While the leaked documents on Middle East negotiations are received in Israel and in the world as incisive evidence of the moderate positions of the Palestinian Authority led by Mahmoud Abbas, the Hamas leadership as well as Abbas' rivals in Fatah will see the documents as additional proof of what they call the "defeatism" of the PA.
Abbas is constantly treading the thin line between his will to acquire the sympathy of the Israeli and international public and his need to guard his back from the knives of his rivals at home.
The rumors of Abbas' plan to retire in the coming year have kicked off a succession battle. Not long ago Abbas declared war on Mohammed Dahlan, claiming the former Fatah strongman in Gaza was planning a coup détat. And Dahlan isn't the only Fatah politico who will have recorded and saved Al-Jazeera's special Sunday night broadcast.
The documents revealed by Al Jazeera are much more important than the documents recently released by WikiLeaks. The former document the talks that took place in 2008 between the head of the Palestinian negotiating team and then Foreign Minister Tzipi Livni, as well as with American officials, which is not just a chapter in history.
The compromises presented by the Palestinians vis-a-vis permanent borders in the West Bank and East Jerusalem are relevant to today. The Palestinian map that was shown to Ehud Olmert and representatives of the Bush administration was presented again two months ago to representatives of President Barack Obama, as well as Obamas Mideast envoy George Mitchell and later Netanyahus representative Isaac Molcho. Molcho refused to accept the document.
The leaked documents completely discredit the claim that there is "no peace partner" made by the leader of the newly formed Atzmaut faction, Ehud Barak, and his boss, Benjamin Netanyahu.
The documents are testimony that the Palestinians are willing to go the distance for peace: They will relinquish their claims on the Jewish neighborhoods in Jerusalem and the surrounding areas, the Etzion settlement bloc and the settlements along the Green Line. This would all be in return for territories on the western side of this line, including the region of Gilboa and Mount Hebron.
According to a map that was shown to me two weeks ago, the major territorial disputes remain over Ariel, Elkana, Maaleh Adumim and the Har Homa suburb of East Jerusalem (which was built after the 1993 Oslo Accords).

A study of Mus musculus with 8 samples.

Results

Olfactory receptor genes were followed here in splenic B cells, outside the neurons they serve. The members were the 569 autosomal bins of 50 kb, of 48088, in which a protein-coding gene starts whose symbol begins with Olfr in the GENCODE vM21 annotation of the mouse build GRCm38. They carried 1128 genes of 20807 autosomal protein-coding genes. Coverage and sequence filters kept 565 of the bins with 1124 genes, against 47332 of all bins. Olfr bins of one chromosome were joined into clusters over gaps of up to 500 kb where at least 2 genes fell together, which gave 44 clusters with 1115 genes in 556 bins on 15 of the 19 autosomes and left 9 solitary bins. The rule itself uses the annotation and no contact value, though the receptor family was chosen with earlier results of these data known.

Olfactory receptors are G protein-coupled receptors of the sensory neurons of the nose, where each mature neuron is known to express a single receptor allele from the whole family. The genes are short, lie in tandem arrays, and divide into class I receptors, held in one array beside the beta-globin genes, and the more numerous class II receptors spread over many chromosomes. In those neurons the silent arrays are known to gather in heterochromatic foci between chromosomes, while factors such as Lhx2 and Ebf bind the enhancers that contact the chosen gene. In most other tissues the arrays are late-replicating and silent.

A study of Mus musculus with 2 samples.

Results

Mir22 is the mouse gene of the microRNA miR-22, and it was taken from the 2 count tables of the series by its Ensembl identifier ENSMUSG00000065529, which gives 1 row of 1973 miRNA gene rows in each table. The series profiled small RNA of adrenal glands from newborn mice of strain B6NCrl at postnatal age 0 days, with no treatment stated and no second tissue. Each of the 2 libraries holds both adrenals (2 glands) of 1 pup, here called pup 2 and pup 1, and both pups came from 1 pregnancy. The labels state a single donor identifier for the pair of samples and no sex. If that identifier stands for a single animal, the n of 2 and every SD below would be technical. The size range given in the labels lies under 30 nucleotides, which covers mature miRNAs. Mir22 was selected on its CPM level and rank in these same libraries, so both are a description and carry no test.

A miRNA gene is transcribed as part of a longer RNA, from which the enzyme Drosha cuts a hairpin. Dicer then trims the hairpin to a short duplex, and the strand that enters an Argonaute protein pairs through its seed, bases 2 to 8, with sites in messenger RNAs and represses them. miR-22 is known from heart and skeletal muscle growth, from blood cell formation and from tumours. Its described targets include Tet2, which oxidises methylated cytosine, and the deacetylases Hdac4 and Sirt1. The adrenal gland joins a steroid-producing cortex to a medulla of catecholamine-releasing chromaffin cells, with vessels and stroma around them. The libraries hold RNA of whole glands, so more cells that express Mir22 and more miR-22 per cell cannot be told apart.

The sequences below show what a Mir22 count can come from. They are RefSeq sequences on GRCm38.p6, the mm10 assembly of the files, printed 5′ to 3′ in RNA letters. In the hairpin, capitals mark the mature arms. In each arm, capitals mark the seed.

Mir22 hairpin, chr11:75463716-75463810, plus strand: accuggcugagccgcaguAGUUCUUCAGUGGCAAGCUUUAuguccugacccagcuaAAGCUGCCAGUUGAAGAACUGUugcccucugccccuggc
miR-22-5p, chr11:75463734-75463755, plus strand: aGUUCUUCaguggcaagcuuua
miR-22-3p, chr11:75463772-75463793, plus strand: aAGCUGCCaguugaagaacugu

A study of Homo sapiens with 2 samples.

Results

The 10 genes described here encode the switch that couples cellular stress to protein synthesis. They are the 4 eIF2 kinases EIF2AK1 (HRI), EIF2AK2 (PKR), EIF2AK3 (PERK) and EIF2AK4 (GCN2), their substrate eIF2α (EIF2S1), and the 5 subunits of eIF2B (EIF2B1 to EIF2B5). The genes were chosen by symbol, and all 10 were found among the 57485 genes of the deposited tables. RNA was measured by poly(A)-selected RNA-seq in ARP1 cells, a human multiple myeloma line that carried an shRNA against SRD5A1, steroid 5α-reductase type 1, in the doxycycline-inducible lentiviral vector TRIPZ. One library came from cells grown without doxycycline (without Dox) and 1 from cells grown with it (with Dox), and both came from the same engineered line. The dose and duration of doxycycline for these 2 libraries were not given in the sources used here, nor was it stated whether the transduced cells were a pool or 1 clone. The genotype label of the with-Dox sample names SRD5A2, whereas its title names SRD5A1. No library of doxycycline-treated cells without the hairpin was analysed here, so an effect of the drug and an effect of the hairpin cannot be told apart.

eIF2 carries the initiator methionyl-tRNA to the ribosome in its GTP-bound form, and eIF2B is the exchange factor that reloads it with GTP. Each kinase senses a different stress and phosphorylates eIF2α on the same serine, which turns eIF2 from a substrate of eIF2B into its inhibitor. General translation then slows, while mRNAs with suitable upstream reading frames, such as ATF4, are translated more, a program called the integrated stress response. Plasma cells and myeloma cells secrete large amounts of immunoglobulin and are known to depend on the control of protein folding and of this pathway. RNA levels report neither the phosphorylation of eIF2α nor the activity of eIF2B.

The documents in Al-Jazeeras hands also confirm that the Palestinian leadership would be willing to abdicate sole autonomy in the Old City of Jerusalem and keep it under special rule.
The timing of the document leaks raises suspicions that the temporary Palestinian State border plan, submitted by Foreign Minister Avigdor Lieberman, was submitted as a pre-emptive strike against the Palestinian draft. A deeper look into the content of the documents reveals a significant gap between the Palestinian expectations, and the pittance that Lieberman has thrown at them in his proposal.
After reading the documents, calling Lieberman's drivel a "national plan" would be like calling the parliamentary investigation into left-wing organizations an initiative geared towards increasing transparency in NGOs in Israel.
The map that Lieberman has "offered" the Palestinians as an interim arrangement (45-50 percent of the West Bank with land swaps) cannot hold a candle to the map that Ehud Barak and former President Bill Clinton offered them (94-96 percent, plus passage between the Gaza Strip and the West Bank). Lieberman's map also falls far short of the map that Olmert presented Abbas (93.5 percent plus the passage between the Gaza Strip and the West Bank).
On Sunday, the New York Times published a map created by David Makovsky of the Washington Institute for Near East Policy, which included territories within the Green Line that Israel would give the Palestinians in exchange for settlement blocs. Mokovsky's office is next-door to Dennis Ross, Obama's chief adviser in the peace process.
The Al-Jazeera documents and Liebermans plan will both be presented to the Quartet of Mideast negotiators, a group of representatives from the U.S., European Union, Russia and United Nations, who will meet in two weeks on how to pull negotiations from their current impasse.
It certainly isn't hard to tell which document will impress them more.